A biventricular pacemaker implantation is a procedure to place (implant) a pacemaker into both of the lower chambers (ventricles) of the heart. A pacemaker is a small, battery-powered device that helps control the heartbeat. If the heart beats irregularly or too slowly (bradycardia), the pacemaker will pace the heart so that it beats at a normal rate or a programmed rate. Parts of a biventricular pacemaker include:
• The pulse generator. The pulse generator contains a small computer and a memory system that is programmed to keep the heart beating at a certain rate. The pulse generator also produces the electrical signal that triggers the heart to beat. This is implanted under the skin of the upper chest, near the collarbone.
• Wires (leads). The leads are placed in the left and right ventricles of the heart. The leads are connected to the pulse generator. They transmit electrical pulses from the pulse generator to the heart.
This procedure may be done to treat:
• Symptoms of severe heart failure, such as shortness of breath (dyspnea).
• Loss of consciousness that happens repeatedly (syncope) because of an irregular heart rate.
LET YOUR HEALTH CARE PROVIDER KNOW ABOUT:
• Any allergies you have.
• All medicines you are taking, including vitamins, herbs, eye drops, creams, and over-the-counter medicines.
• Previous problems you or members of your family have had with the use of anesthetics.
• Any blood disorders you have.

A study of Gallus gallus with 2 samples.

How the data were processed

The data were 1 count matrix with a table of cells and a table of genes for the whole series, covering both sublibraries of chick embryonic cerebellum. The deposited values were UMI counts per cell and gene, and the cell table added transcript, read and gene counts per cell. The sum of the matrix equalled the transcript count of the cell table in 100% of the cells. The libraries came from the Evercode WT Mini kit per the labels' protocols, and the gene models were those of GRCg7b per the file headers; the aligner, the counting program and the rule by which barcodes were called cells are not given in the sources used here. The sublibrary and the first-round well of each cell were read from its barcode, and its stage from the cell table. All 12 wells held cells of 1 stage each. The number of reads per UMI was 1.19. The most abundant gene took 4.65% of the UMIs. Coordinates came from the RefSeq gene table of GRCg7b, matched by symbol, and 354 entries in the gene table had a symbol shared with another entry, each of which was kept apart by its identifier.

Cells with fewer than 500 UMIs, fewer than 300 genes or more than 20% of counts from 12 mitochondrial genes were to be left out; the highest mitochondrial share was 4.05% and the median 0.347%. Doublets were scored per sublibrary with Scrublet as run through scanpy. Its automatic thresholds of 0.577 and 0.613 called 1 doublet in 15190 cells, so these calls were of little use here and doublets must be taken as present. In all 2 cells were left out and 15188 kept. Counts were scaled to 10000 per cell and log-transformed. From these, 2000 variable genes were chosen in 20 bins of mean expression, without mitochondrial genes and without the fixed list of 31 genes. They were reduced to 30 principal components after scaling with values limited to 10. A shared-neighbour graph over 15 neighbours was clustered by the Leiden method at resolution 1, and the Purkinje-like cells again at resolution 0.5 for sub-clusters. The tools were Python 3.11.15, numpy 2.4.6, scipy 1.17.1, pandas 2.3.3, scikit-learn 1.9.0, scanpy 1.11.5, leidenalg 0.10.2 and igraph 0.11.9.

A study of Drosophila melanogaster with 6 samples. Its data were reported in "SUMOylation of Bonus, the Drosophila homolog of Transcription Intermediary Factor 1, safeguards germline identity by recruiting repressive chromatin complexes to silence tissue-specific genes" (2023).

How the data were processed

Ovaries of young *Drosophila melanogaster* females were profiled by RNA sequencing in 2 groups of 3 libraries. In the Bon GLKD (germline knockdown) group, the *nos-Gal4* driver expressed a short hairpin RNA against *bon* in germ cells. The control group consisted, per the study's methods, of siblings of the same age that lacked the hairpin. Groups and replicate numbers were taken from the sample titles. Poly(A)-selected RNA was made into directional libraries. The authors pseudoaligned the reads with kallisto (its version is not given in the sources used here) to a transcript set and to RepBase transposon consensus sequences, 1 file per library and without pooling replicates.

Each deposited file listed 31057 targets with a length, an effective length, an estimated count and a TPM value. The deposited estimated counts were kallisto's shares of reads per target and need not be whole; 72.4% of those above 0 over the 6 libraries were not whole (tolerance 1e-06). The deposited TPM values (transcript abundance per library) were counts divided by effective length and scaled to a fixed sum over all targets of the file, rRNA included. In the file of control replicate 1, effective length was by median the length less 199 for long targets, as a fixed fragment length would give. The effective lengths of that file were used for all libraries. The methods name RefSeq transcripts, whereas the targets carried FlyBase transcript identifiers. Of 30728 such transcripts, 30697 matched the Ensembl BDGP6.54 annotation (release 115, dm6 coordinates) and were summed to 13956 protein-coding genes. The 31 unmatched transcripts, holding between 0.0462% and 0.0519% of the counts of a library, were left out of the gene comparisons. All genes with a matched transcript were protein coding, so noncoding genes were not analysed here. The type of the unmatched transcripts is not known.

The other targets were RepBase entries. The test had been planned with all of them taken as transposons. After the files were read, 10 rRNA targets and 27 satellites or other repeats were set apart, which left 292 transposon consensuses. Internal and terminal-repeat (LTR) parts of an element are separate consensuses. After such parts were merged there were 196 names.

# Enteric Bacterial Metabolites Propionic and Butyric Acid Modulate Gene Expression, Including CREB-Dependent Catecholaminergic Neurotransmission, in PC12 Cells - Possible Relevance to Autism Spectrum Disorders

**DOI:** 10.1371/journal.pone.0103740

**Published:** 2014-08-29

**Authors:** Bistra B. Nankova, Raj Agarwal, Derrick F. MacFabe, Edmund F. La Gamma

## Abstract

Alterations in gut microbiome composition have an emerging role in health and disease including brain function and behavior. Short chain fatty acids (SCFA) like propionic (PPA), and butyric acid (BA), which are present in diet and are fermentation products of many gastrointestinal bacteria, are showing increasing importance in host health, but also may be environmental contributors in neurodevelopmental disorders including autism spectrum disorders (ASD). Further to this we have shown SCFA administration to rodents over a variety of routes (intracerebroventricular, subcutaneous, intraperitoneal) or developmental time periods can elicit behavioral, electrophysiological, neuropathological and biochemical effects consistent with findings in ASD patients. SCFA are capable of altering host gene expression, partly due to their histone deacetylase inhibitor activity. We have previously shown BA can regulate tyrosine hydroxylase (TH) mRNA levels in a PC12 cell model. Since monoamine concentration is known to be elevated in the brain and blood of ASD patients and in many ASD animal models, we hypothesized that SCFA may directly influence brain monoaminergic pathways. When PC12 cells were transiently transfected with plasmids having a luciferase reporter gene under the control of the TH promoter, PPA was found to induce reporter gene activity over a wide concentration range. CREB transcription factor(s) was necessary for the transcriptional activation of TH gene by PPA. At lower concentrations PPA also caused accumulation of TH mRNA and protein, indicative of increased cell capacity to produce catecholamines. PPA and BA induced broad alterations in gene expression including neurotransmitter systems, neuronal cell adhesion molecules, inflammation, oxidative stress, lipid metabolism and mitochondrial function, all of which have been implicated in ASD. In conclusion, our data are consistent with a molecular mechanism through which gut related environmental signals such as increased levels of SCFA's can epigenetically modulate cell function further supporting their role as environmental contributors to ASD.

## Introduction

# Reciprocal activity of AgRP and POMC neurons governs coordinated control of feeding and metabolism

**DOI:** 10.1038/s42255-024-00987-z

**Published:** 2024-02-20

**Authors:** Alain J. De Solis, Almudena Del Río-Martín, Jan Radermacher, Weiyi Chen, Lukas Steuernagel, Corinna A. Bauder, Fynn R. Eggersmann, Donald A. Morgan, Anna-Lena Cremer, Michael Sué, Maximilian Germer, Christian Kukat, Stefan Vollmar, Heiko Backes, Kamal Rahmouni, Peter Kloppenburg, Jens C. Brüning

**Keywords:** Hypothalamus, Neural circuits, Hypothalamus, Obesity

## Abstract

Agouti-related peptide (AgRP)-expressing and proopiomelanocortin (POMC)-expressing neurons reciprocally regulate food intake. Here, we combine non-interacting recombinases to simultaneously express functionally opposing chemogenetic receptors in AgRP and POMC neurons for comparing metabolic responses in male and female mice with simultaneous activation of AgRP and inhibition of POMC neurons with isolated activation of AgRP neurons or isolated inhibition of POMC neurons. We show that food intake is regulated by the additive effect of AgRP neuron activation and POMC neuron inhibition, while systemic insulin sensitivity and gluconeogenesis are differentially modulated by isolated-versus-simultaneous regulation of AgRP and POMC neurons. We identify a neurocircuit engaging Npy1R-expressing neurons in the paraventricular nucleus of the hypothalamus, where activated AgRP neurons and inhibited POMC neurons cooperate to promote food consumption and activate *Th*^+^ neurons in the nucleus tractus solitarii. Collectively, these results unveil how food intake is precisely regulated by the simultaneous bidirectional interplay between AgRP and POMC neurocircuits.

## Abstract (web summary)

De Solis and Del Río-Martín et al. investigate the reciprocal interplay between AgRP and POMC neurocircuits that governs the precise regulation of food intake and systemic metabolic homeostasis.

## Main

• Previous surgeries you have had.
• Any medical conditions you have.
• Whether you are pregnant or may be pregnant.
RISKS AND COMPLICATIONS
Generally, this is a safe procedure. However, problems may occur, including:
• Infection. ...
AFTER THE PROCEDURE
• Your blood pressure, heart rate, breathing rate, and blood oxygen level will be monitored often until the medicines you were given have worn off.
• You may continue to receive fluids and medicines through an IV tube.
• You will have some pain. Pain medicines will be available to help you.
• You will have a chest X-ray done. This is to make sure that your pacemaker is in the right place.
• You may have to wear compression stockings. These stockings help to prevent blood clots and reduce swelling in your legs.
• You will be given a pacemaker identification card. This card lists the implant date, device model, and manufacturer of your pacemaker.
• Do not drive for 24 hours if you received a sedative.
ExitCare® Patient Information ©2012 ExitCare, LLC.